Spokane, Washington  Est. May 19, 1883

Two Silver Valley Authors Bring Region’s History To Life

Bekka Rauve Staff writer

Authors Anne Seagraves and Jerry Dolph are in the business of saving voices.

Seagraves’ mission is to give new life to the stories of frontier women who have been overlooked by a century or more of history.

Dolph writes of hard-rock miners. He could write their stories for the rest of his life, he said, and “still there’d be more stories to be told.”

Both authors will be signing copies of their books from noon to 1 p.m. Saturday at Hastings Books in Coeur d’Alene.

“It disturbed me that the miner was never heard from,” said Dolph, a Silver Valley miner for 16 years. When a leg injury ended that career in 1988, someone suggested that he write about the mining life.

“That’s what started me. I knew it had to be done, or the stories would be lost,” he said.

Dolph’s book, “Fire in the Hole: The Untold Story of Hardrock Miners,” was released by Washington State University Press in December.

Seagraves stumbled on to her calling while doing research for a book about Lake Tahoe.

“I ran across the names of women who sounded so fascinating, but there was nothing about them,” she said.

Using sources ranging from historical societies to old-timers at the local bar, Seagraves began to compile stories that grew into a series of books about women of the frontier West.

Rights to the most recent, “Soiled Doves: Prostitution in the Early West,” have been bought by Hollywood producer-director Frank Fischer, whose credits include the Patty Duke pilot, “A Wing and a Prayer.”

But for both Dolph and Seagraves, the way to success seemed far from obvious for a time.

“It felt like I kept bumping into walls. I couldn’t find anyone who could tell me how to get the voice of the miner out,” Dolph said.

His harrowing accounts of rock bursts and other adventures found a ready market in small-circulation magazines, but Dolph wasn’t satisfied. After a talk with “Northwest Journal” publisher Ivar Nelson, he managed to crack the trade journal market. It still wasn’t enough.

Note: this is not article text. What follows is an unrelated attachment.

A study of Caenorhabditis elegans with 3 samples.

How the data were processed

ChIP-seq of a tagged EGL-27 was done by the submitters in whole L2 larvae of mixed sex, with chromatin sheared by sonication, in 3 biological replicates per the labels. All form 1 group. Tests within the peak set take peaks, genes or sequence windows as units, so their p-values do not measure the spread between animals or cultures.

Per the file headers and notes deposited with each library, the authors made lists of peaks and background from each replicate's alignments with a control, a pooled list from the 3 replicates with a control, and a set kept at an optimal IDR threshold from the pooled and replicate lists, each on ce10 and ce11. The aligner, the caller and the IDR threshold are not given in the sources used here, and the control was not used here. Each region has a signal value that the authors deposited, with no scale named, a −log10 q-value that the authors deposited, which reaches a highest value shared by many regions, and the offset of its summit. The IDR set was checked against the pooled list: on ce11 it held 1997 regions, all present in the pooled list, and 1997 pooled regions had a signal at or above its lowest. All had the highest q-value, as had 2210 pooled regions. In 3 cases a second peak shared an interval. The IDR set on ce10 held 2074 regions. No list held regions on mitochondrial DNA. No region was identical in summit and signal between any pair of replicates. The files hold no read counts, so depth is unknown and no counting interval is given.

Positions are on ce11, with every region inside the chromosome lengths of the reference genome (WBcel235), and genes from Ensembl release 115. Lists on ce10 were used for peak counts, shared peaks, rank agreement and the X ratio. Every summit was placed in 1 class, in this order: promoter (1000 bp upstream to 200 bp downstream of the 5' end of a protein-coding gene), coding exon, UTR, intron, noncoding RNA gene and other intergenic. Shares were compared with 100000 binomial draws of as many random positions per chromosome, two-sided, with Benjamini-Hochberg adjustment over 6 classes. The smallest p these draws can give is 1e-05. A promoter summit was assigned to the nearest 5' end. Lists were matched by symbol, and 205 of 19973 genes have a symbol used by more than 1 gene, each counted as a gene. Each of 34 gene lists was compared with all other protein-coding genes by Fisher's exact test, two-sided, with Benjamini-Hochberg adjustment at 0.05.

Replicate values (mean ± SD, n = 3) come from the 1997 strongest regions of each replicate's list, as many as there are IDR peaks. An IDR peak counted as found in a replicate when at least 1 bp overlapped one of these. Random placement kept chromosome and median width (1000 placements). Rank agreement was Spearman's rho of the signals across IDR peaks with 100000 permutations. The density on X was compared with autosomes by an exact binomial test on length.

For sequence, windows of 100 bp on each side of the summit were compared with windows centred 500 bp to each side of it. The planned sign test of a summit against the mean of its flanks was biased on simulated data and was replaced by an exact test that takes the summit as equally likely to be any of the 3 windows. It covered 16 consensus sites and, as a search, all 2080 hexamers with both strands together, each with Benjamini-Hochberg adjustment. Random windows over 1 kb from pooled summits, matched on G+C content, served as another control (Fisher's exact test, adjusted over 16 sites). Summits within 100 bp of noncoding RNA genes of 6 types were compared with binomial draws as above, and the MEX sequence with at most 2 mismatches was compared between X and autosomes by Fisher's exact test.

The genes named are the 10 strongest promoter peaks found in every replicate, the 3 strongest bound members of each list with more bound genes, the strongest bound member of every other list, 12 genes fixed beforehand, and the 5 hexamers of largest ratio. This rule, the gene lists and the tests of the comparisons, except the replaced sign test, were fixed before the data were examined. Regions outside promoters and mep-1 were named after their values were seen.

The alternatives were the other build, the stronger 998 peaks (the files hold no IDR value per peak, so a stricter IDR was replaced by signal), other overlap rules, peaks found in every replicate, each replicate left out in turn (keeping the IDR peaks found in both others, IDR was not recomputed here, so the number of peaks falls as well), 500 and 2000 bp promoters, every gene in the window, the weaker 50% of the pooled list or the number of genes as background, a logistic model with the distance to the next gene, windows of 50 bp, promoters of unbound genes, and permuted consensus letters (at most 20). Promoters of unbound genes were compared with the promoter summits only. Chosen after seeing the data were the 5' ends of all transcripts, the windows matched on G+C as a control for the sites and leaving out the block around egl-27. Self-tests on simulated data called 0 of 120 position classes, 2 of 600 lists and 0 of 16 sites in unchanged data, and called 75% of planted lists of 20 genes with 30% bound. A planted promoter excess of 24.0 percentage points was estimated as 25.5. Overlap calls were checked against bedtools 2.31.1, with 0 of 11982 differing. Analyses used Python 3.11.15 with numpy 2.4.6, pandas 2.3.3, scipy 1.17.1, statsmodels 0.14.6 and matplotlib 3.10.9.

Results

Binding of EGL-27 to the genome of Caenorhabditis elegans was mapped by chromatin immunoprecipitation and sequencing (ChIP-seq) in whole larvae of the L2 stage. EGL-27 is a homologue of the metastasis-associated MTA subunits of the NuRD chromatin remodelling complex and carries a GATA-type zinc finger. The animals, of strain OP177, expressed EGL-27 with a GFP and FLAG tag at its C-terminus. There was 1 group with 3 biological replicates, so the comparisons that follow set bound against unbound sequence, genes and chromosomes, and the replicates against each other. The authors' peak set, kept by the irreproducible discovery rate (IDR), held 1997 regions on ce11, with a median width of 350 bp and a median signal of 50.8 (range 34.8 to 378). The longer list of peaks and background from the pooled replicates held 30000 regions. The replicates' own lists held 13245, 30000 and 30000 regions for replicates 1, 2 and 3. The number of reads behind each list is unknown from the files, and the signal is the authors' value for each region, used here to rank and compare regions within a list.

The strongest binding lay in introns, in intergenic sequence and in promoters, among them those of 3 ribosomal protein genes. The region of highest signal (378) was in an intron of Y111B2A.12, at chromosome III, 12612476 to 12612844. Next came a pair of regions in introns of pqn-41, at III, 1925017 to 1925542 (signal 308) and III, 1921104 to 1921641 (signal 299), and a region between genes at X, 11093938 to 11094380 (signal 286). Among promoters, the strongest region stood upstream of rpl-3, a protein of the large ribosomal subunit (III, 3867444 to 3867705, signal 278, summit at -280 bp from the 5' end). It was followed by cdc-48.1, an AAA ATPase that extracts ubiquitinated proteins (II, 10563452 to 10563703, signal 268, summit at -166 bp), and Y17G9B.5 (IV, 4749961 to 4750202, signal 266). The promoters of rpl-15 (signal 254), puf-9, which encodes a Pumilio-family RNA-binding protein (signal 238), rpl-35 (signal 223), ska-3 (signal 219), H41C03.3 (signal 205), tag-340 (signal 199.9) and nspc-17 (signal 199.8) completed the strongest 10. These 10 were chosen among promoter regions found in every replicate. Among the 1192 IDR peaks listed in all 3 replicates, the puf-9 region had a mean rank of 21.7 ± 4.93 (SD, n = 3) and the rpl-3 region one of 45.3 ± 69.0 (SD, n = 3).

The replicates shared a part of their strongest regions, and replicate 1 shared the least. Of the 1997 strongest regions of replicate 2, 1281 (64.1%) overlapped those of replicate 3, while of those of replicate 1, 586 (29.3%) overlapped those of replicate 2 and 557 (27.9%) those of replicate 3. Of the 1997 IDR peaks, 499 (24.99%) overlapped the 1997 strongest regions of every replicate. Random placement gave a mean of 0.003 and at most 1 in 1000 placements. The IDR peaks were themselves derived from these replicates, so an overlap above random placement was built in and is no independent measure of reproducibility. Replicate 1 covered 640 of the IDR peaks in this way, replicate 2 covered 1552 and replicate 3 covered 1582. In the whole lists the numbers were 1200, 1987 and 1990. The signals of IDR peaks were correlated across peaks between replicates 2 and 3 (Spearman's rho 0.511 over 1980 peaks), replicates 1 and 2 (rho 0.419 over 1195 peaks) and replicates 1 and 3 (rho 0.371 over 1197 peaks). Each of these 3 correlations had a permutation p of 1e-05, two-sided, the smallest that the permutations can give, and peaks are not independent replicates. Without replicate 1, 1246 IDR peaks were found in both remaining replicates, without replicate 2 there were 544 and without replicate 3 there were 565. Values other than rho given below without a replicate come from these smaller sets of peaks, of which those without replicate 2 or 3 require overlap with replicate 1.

“I got to thinking maybe a book would work,” Dolph said. “I thought, WSU has a great football team - they must have a great press.”

He contacted editor Keith Petersen, who requested a sample of his writing. Then three chapters. Then an entire manuscript.

Dolph had never written a book before, but he assembled his articles in chronological order and worked from there. He said the process was “no big hoo-rah.”In the hands of WSU reviewers and its editorial review board, Dolph’s manuscript received a unanimous thumbs-up. He signed a book contract in August 1993.

Seagraves decided to bypass publishers altogether. “I knew better than to go to them. I wasn’t famous or infamous; neither were the people I wrote about. They were just remarkable women,” she said.

Because she owned a marketing firm, Seagraves felt well-equipped to handle a selfpublished book. Her first, “Women of the Sierra,” sold well, and, like its successors, never stopped selling. Her books are now handled by the four largest book wholesalers in the world.

Gem Guide, her Hollywood distributor, piqued the interest of several movie producers when it promoted “Soiled Doves” at a booksellers show. Seagraves received several offers and was wondering which way to jump when she got a call from Patty Duke.

“She said she’d heard I was confused. She recommended Frank Fischer, and he’s been wonderful,” Seagraves said. Fischer is now talking with two major networks about airing “Soiled Doves” as a movie of the week.